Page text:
Buying a new car is an exciting experience that demands financial responsibility. Before you head off to your local dealership, it is important to realise that the car’s price and monthly instalment are just part of a bigger ‘money’ picture, as is car insurance.
“Understanding the insurance implications when buying a new car will help you make an informed decision and ensure you have the right cover to protect your investment in the event of accident or theft,” says Lizo Mnguni, spokesperson for Old Mutual Insure.
He adds that one of the reasons the insurer became the headline sponsor of the prestigious 2023 South African Car of the Year (COTY) competition, is to help consumers make insight-driven insurance and car buying decisions.
Below are Mnguni’s top insurance insights when investing in a car.
1. Get to know your insurance policy
At the outset, you need to know how much your monthly car insurance will cost and what the policy will cover you for. Comprehensive car insurance is the best bet for a new car, because it covers your car for accident and theft as well as your liability for accident damage to other vehicles where you are considered at fault. There are ‘cheaper’ car insurance policies such as third party only, which pays out for accident damage caused by your car to other cars in the event you are considered at fault or third party, fire and theft cover, which additionally covers your vehicle against loss or damage due to fire or theft.
2. Should you go for the optional extras?
Aside from the insurance type, you may be asked to choose an excess on your insurance or whether or not you want optional extras such as credit shortfall insurance or a rental car in the event your car is damaged or stolen. An excess is an extra amount you pay when you claim against your car insurance with a general rule that a higher excess will slightly reduce your insurance premium. You should, however, avoid agreeing to too high an excess because you may struggle to find the cash at claims stage. Credit shortfall insurance covers the difference between the amount your comprehensive insurance will pay out following the total loss of your vehicle versus what you owe the bank.
3. What about value-added products?
You also need to know about value-added products that the financial dealership might offer you such as rim and tyre insurance, mechanical breakdown cover or extended warranties. These options are separate to your car insurance and will also come at a monthly cost.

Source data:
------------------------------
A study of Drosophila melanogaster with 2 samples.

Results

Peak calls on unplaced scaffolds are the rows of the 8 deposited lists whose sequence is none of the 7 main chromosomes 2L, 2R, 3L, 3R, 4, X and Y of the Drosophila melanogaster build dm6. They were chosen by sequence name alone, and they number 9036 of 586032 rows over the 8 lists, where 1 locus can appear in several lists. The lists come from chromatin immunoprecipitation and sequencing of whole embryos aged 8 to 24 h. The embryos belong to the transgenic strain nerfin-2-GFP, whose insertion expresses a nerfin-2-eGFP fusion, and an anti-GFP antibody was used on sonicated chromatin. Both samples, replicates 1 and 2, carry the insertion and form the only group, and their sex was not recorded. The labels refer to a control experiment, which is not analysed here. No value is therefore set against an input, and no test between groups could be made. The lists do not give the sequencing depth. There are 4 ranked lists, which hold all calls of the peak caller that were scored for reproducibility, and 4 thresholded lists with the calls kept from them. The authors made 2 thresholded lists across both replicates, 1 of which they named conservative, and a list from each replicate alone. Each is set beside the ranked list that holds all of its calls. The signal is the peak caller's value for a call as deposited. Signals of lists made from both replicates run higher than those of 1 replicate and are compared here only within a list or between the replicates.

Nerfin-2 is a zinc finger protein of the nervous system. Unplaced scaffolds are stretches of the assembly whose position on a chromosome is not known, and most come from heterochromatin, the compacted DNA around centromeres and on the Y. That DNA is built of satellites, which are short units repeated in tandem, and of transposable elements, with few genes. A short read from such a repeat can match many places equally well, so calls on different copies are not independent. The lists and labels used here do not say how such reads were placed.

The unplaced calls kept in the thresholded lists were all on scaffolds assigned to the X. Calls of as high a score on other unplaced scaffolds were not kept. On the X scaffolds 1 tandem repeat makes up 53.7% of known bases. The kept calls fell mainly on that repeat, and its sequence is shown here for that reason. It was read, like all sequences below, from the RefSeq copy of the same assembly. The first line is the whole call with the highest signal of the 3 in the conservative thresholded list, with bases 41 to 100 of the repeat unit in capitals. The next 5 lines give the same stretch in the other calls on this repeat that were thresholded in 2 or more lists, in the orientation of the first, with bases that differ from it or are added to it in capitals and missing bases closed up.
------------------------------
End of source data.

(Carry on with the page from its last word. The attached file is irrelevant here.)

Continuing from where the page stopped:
“You may wish to talk to an insurance broker to assist you in taking out the correct type and mix of insurance cover,” Mnguni says, before stressing that your car insurance policy does not pay for maintenance and running costs or expenses due to mechanical breakdown.
4. Keep your car in showroom condition
Even so, your insurer expects you to keep your vehicle in excellent running condition. You should stick to the maintenance and service schedule recommended by the car manufacturer and also ensure that your tyres have enough tread and that your car’s shocks and brakes are in good condition at all times. This is important for your safety and that of your passengers and other road users, and it makes financial sense too. “If your tyres are bald and you get into an accident, there is a good chance of your claim being denied by the insurer,” Mnguni says.
He adds that to help policyholders in today’s tough economic environment, Old Mutual Insure has launched its new Value4U Motor value added products (VAPS. The Value4U Motor VAPS offers a wide range of cover options, plans, and limits for customers to choose from, depending on their car’s current life stage, individual circumstances, financial needs, and budget. An added bonus for policyholders is that there is no excess payable on claims on these products. The Value4U Motor VAPS includes Extended Warranty, Scratch & Dent, and Tyre & Rim cover for the personal lines market.
There are a number of other considerations when taking out car insurance. For example, your insurer may insist on high value cars having a tracking device installed to assist in recovery following a hi-jacking or theft. They may also ask you to take extra steps to protect your car from sophisticated criminal syndicates that use signal jammers and other technology to steal cars.
“The point of insurance is to put you back in the same position you were before a loss. Making sure that you have insurance to pay out should anything unfortunate happen is incredibly important in today’s high cost of living environment,” Mnguni concludes.